India in South Africa

Coach’s role is to prevent unforced errors: Gary Kirsten’s advice for Ravi Shastri

The former India coach also said that India had missed a trick by not playing an extra batsman in South Africa.

Former India coach Gary Kirsten had some words of advice for the incumbent Ravi Shastri, who has seen his team concede the three-Test series in South Africa with a match still to play.

The South African chose not to be very specific but said that coaches can help prevent unforced errors from the players. India were undone in Centurion with three run-outs over two innings and as many as seven dropped catches.

In an interview with Mumbai Mirror, Kirsten said, “The coach’s role is to highlight the consequence of making an unforced error of that nature and what a bearing it can have on the outcome of the game. This needs to be a frequent reminder.”

The 50-year-old also advised on how to take catches, saying the players have to simulate catching under pressure.

Kirsten’s comment about preventing unforced errors also rings true when it comes to team selection. India have made some contentious selection calls in the series. Ajinkya Rahane, arguably India’s best overseas batsman, hasn’t played at all so far, while the tourists’ best bowler at Newlands, Bhuvneshwar Kumar, was dropped for the Centurion Test.

Shastri had defended India captain Virat Kohli’s selection calls and although Kirsten did not want to get dragged into the debate, he did hint at who he would have picked between Rahane and Rohit Sharma. “I’m not sure what the right selection is but to be successful in South Africa requires a certain type of technique and resilience,” Kirsten said. “Those types of players are crucial in South Africa.”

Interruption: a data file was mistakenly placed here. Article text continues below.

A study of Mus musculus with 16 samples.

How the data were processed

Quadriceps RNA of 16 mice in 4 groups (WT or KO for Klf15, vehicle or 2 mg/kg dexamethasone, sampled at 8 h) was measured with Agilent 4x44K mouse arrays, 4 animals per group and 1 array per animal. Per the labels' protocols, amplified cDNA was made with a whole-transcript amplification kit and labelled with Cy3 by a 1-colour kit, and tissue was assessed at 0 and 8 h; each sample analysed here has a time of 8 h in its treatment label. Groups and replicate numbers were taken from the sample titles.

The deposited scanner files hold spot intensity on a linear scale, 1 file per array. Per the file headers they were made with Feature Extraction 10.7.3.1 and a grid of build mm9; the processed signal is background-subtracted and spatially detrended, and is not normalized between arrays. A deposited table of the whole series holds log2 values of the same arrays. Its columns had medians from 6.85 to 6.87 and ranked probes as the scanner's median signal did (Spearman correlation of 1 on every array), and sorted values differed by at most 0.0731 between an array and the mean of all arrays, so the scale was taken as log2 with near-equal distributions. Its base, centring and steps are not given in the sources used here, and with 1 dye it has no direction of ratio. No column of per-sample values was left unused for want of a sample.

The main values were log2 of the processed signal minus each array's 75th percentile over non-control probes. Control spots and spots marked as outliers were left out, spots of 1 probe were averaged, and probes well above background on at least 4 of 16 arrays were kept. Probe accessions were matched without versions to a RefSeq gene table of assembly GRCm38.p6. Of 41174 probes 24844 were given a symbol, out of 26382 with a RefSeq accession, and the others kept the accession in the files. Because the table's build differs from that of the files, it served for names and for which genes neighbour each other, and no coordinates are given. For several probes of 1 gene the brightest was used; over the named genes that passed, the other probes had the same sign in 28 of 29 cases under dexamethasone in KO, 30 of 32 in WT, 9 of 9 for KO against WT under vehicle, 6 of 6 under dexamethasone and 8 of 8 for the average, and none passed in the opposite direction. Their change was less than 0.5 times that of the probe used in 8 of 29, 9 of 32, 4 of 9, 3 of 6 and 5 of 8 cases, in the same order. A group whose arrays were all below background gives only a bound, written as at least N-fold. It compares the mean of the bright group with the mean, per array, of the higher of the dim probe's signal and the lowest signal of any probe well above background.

Kirsten also said that India missed a trick by not playing an extra batsman in both Tests. “Batting is traditionally tough in the South African conditions, so the more the batsmen the better [it is],” he said. “I have always believed that a Test match team should contain as many specialists as possible in it.”

Despite India’s top-order batting failure, but for Kohli’s century at Centurions, Shastri had chosen to focus on the fact that India had managed to take 20 wickets in both Tests. Kirsten, however, said that was not enough. “Whilst taking 20 wickets allows a team to win games, scoring enough runs will always keep a team in the game,” he said.

Kirsten called for the best thinkers in Indian cricket, especially those who had succeeded in overseas conditions, to come together “and build a preparation plan” to get players ready to play abroad.